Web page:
EU Policies & Practices and Euromines

Written by Catalin Hosu

Euromines is one of the most important allies for the mining industry in the European Union, as it acts as an interface between companies, NGOs and policy makers and we are happy to share their September 2014 newsletter along with our thoughts on the examples showcased. I have said in a previous article that European mining regions face a high number of EU regulations, difficulties in exchanging information at European and regional levels, a need for closer interaction between companies active in the mining sector and national and regional actors. This assertion is based on the Raw Materials Conference conclusions, the conference that leads the newsletter (pages 3-6), emphasizing the fact that EU growth relies on technological advancements and an improved policy and regulation system for the entire mining industry.

A supporting piece to the assertion made above is the tungsten mine article on pages 10 and 11, where we find out that the Drakelands mine in Devon, the first hard rock metal mine to be built in the UK in over fifty years, has entered the construction phase and is to produce 5,000 tonnes of tungsten concentrates and smaller volumes of tin concentrate over the next 10-15 yeas, while creating jobs for the local community. This deposit alone will meet around 5% of tungsten demand worldwide and is highly significant for the EU14 & EU20 critical mineral lists. Even though the UK still does not have a mineral policy, its land use planning policy and strong environmental controls enabled the permitting process of this scale.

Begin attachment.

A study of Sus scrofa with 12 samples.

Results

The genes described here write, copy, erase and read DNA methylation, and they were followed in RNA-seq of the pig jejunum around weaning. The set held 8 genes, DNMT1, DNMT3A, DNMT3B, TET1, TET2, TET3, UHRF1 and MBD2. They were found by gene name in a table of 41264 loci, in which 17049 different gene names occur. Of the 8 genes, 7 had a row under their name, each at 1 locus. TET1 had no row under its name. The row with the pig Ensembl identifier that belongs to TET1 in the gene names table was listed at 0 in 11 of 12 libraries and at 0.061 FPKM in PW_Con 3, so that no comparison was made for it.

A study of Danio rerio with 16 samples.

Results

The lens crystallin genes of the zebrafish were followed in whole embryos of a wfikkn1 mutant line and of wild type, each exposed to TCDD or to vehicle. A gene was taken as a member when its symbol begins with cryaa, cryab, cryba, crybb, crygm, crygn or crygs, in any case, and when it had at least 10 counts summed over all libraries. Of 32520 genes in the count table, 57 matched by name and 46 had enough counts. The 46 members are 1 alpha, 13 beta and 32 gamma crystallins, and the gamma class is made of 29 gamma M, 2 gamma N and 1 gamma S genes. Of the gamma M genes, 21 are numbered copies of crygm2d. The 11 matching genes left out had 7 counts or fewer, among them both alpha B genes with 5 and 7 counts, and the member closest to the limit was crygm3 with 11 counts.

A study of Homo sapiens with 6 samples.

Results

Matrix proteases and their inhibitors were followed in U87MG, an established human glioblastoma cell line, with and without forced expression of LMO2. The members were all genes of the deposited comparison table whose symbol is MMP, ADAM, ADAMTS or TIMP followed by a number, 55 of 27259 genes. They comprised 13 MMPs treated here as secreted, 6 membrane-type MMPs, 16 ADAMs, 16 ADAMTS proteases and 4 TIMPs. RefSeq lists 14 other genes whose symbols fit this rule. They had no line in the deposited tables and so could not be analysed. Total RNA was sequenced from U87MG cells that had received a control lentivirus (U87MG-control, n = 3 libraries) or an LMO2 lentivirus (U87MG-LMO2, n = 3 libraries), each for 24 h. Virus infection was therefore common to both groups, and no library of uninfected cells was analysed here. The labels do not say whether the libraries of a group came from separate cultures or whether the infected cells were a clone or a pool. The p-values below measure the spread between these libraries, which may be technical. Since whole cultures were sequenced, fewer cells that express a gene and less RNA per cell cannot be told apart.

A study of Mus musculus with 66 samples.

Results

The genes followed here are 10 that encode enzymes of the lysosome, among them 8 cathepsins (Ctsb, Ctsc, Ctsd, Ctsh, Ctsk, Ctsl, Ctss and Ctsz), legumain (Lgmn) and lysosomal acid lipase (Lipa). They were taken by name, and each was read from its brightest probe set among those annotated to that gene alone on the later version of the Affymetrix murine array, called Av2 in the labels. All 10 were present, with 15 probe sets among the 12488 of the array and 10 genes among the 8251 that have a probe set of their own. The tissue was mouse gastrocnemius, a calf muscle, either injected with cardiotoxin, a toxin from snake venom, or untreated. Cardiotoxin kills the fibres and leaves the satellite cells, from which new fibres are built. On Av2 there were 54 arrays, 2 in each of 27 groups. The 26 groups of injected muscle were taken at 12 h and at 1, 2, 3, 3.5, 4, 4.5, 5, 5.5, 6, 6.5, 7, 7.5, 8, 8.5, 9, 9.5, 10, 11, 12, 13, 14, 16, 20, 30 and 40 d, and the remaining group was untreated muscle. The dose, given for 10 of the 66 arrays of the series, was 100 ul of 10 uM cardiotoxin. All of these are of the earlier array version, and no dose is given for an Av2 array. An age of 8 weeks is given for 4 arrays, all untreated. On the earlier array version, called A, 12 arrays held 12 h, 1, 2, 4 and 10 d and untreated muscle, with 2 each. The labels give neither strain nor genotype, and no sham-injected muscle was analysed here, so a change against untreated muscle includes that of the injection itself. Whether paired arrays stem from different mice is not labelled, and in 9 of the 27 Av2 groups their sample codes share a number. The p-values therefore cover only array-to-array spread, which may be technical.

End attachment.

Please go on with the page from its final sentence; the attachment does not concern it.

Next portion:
Austria, on the other hand, has a very strong Minerals Strategy (pages 14-15) that aims to support the sustainable supply of raw materials, industrial minerals and commodities and it is focused on three pillars (securing raw materials supply from domestic sources, securing raw material supply from the world market and promoting resource efficiency), as the country’s industry is heavily reliant on the sustainable and competitive supply of resources. The plan has been recognized as “best practice” in the EU, as it aims to identify and safeguard areas with mineral occurrences (except housing zones and Natura 2000 sites) by declaring them raw-material safeguarding sites.

What’s more, the Austrian Federal Ministry of Science, Research and Economy created an Austrian Raw Material Alliance in 2012 that is now part of the working group of the European Innovation Partnership (EIP) on Raw Materials, representing the country and the industry’s best interests.

I have mentioned Natura 2000 sites and I have talked about responsible modern mining and its reduced and managed impact to the environment, therefore it makes perfect sense to mention the S&B Industrial Minerals (Greece) public environmental policy (page 18) that focuses on land reclamation in two very different environments: Milos (a small island) and Fokis (a mountainous area). In both areas, the fact that the companies managed to produce plants in their plant nurseries was critical to the rehabilitation process and the objective of achieving no net loss for the environment. Other notable mentions in the newsletter were the three good case practices from Portugal that have been chosen by the European Commission to be showcased this year (pages 12-13), the Bulgarian European Mining Business Forum (page 7), the Swedish rare earths deposits (pages 8-9) and a No Net Loss policy potential direction for the raw materials industry (pages 16-17).

For more information about Euromines, visit Euromines.org or the campaign website “Before it’s yours we mine it”.